Trade and the make or break issues impacting its growth were the focus of a transport and logistics roundtable discussion hosted by DP World this week to contribute to the World Economic Forum Global Agenda Council meetings currently being held in Dubai.
In a lively debate under the umbrella theme of “Challenges Facing Trade and Transportation in the Middle East”, more than 30 senior representatives of shipping lines, logistics providers, cargo handlers, the World Economic Forum (WEF) and DP World discussed the pressing issues impacting trade, particularly in the Middle East, with findings presented to the Council as it draws up the blueprint for the World Economic Forum Summit in Davos, Switzerland, in January 2013.
Vice Chairman of DP World, HE Jamal Majid bin Thaniah, who led the debate, said: “Some very deep concerns were expressed during the discussion, not just about issues directly related to the region, but also those more widely related to global trade. The on-going economic volatility in developed markets is causing a shift in traditional trade patterns from east-west trade in the northern hemisphere markets to east-west trade in southern, emerging markets. This will have important implications far into the future.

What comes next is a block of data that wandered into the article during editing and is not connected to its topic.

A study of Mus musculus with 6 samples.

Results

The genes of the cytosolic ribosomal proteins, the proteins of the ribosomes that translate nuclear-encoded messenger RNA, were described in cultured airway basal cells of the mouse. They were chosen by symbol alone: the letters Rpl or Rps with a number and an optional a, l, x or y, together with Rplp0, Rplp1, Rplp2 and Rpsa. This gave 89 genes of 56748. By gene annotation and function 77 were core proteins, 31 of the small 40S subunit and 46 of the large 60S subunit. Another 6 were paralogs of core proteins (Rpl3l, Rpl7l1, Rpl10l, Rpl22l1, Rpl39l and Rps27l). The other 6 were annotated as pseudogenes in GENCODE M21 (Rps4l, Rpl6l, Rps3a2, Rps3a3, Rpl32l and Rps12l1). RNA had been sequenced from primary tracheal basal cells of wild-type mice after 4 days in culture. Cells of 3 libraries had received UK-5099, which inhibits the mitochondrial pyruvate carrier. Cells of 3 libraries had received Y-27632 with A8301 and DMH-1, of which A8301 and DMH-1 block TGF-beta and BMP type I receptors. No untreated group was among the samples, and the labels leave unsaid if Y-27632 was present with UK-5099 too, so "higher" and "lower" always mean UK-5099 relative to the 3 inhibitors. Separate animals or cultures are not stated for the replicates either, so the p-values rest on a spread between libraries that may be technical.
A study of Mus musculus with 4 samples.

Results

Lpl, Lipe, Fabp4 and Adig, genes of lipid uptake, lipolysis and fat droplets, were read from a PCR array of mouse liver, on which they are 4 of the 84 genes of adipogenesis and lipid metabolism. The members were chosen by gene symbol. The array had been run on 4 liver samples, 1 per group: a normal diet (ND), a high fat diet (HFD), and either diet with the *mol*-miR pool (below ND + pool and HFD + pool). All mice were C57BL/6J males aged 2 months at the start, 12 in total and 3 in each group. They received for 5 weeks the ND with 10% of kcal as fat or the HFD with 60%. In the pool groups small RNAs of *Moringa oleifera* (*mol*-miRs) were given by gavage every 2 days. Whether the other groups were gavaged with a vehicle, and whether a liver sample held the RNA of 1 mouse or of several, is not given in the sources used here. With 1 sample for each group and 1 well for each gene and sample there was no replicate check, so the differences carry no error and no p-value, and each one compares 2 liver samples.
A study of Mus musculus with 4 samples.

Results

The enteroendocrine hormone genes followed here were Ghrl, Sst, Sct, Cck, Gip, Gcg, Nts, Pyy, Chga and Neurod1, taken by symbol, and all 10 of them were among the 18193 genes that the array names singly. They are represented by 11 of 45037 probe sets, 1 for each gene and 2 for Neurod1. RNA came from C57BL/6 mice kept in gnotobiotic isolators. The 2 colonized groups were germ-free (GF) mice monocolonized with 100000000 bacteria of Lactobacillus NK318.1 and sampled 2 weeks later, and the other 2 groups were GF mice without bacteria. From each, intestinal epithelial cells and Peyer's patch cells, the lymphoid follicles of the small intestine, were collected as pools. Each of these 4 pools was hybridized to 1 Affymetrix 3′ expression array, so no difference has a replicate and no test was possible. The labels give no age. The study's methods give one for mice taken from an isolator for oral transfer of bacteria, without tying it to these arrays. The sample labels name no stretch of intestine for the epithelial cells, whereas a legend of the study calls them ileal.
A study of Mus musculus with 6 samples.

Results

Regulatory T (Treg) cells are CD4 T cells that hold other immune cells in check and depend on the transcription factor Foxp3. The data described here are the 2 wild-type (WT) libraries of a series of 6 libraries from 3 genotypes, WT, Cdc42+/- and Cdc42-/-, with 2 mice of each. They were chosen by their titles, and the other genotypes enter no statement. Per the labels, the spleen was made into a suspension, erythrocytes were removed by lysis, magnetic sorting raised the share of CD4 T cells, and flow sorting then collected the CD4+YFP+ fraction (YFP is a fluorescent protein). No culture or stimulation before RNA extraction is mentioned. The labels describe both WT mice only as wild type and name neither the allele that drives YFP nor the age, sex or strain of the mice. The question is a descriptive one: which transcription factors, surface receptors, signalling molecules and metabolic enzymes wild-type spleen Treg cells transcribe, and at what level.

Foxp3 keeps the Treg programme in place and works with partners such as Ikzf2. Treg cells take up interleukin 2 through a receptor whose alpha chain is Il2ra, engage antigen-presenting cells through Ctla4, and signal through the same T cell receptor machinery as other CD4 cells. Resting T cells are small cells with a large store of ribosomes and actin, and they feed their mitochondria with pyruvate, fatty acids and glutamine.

“In addition, the group also highlighted the huge impact of major events here in the region such as the Dubai Expo bid, FIFA World Cup in Qatar, trends for larger ships, more focus on home markets in the short term, the need for sustainability, and their various impacts on the supply chain. I am delighted by the level of participation and clarity of thought brought to bear on the issues, which will actively contribute to the work of the Global Agenda Council.”
Other key findings of the Roundtable included:
- Globalisation will continue but at a slower rate.
- Inland connectivity will remain an issue for flows of trade and cargo in the region.
- Trust between nations as responsible citizens underpins trading prospects.
- Reliability of supply chains remains a key ingredient in commercial success.
- Consideration needs to be given to a UAE maritime academy to address skill shortages in the sector.
- A policy framework between Government and the private sector needed as part of the sustainability debate.
- The need to modernize the regulatory framework to keep pace with rapid technological advances in the sector.
- Bureaucracy still affects trade in the region with a need to apply technology across borders to boost efficiencies.
The transport and logistics round table was one of a series of similar events covering other sectors of the global economy as the Council gathers best practice and thinking for WEF leadership in advance of the Davos summit.